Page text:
Planning for humanitarian mission in Guatemala continues despite pandemic

GARNER, N.C. (WTVD) -- It's hard to get out of the backyard these days much less to Central America.

But a group of local volunteers here isn't giving up on its humanitarian mission of saving lives in Guatemala which began in 2009 with an eye-opening trip to the third world country to equip and train first responders.

"Once we got down there, we realized there was a big need. The firefighters had very little gear to go into fires, they had virtually no air packs. They would just, they'd wear blue jeans and t-shirts," David Pease said.

Pease is chief of the Rescue Extrication Delivery Specialists or REDS Team in Garner.

That's where tens of thousands of dollars in equipment is waiting to be sent to Guatemala, including a former Town of Wake Forest fire engine.

"They decided to donate it to us. Most all the fire trucks in Guatemala are old," Pease said.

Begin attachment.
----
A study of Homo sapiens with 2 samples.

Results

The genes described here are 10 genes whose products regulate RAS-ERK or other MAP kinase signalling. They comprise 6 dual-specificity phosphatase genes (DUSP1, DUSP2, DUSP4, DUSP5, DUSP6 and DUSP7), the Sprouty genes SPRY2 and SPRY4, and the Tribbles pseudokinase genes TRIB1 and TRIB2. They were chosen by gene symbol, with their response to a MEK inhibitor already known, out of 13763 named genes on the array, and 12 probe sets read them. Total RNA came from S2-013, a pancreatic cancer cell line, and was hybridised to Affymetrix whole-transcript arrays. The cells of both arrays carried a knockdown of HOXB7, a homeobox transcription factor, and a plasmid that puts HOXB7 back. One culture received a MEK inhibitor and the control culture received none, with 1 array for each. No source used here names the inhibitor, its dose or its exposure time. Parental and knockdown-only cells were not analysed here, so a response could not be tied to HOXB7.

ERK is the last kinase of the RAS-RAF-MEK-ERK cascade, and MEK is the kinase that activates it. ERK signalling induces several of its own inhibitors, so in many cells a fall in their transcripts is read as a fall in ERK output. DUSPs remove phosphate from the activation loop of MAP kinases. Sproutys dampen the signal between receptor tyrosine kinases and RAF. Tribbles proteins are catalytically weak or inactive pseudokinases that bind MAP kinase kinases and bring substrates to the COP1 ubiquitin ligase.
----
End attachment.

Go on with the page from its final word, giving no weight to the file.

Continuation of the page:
Also on trailers and stuffed into all the vehicles are things like oxygen tanks, firefighting apparel, paramedic equipment, and rescue gear like inflatable boats.

And that doesn't even include what's already sitting in hangars at Air Base Charleston.

That's where the U.S. military has partnered in the humanitarian effort by the loading the equipment on cargo planes and flying it to Central America.

"That was supposed to fly out in April. All that is still sitting in their warehouse down there waiting to get down there plus the equipment we have here," Pease said.

But just because Guatemala, like a lot of countries, is closed to visitors because of the pandemic doesn't mean the REDS Team has shut down too.

"It's not stopped us from getting equipment," Pease said. "It's not stopped us from putting it all together."

Pease and a group of volunteers are also waiting to get into Guatemala to provide the training first responders there will need to operate all the equipment.

They were supposed to be going next month but that's not likely to happen.

Still the first responders in Guatemala are hoping that will all change soon and are constantly reminding Pease.

"They shoot me messages and wanting us to come down and get down. So soon as things will open up a little bit, we'll put our team together and we'll head down there," he said, adding that when they do get down there the new volunteers will never forget the experience.

"It's a very fulfilling thing to know that you go down there and help these people and they really appreciate it."